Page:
By Justin Boron
The extension of C-TRAN bus service to Clayton County's Army garrison may provide a more efficient method of transporting single soldiers who live on Fort McPherson to their jobs at Fort Gillem each day, an Army official said.
Cancellation of a MARTA route that bused soldiers directly from base to base has created a gap in the two bases' transit coverage, potentially forcing military personnel into an inefficient transportation scenario, said Col. Angela Manos, garrison/installation commander for the forts.
The County Commission is considering the use of a C-TRAN shuttle, costing $51,414, to replace the old MARTA route.
District 4 County Commissioner Charley Griswell greeted the issue with enthusiasm at a meeting this week, suggesting the measure could illustrate the base's importance to the community amid the threat of military base closings throughout the nation.
"If we are going to show a positive move that we want to keep that base open and send a message, then we are going to come up with the best route and support it," he said.
The transportation gap presents an unavoidable dilemma for the two military bases, Manos said, as she requested the assistance of Fort Gillem's host county.
"The only housing we have for our single soldiers is located on Fort McPherson, and they're required to work at Fort Gillem," she said. "So without transportation, they don't really have any way to get there."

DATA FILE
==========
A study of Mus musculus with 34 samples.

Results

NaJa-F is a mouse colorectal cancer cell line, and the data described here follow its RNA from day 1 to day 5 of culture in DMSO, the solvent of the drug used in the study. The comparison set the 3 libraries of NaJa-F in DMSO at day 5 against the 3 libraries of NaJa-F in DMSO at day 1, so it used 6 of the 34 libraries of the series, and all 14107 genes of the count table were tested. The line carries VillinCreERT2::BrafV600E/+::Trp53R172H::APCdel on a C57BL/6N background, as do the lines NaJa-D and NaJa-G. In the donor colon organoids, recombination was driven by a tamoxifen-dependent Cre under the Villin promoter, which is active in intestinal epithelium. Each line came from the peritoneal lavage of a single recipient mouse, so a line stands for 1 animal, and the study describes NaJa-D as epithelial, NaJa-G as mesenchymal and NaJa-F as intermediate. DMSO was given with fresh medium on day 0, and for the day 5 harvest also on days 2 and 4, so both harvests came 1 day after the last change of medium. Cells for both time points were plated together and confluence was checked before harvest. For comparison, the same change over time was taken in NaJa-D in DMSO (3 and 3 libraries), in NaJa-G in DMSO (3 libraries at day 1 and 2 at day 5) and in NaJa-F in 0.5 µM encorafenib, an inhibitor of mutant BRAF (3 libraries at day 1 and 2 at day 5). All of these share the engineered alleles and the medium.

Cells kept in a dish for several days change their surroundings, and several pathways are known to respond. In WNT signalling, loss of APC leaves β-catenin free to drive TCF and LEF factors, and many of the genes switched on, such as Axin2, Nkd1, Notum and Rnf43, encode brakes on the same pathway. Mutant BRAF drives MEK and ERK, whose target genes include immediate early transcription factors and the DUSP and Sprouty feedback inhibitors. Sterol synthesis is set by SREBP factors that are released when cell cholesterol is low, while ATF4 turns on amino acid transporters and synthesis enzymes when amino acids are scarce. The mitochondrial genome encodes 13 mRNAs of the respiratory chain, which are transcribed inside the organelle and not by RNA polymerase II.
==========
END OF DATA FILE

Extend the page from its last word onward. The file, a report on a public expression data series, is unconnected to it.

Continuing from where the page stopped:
For now, the forts have remedied the problem temporarily through a shuttle service paid for by U.S. Army funds, said Bob Bolia, director of public affairs at Fort McPherson.
But he couldn't be sure how long the service would last, saying funds for it could evaporate as early as October this year.
If the Army service loses funding Bolia said, the trip from Fort McPherson to Fort Gillem could transform from a short bus ride to a circuitous route including three different modes of transportation.
From Fort McPherson, soldiers would have to take MARTA rail to the Hartsfield-Jackson Atlanta International Airport, then transfer to C-TRAN for bus service to Fort Gillem, Manos said.
Upon their arrival, military personnel made up primarily of young, single soldiers would have to walk from the base gates to their final destination, Bolia said.
Despite the County Commission's affinity for the measure, the proposition of a new C-TRAN service could get held up in a legal snag, said County Commission Chairman Crandle Bray.
Bray said he needed to check with the county's attorney to find out if sending C-TRAN outside the county would be legal.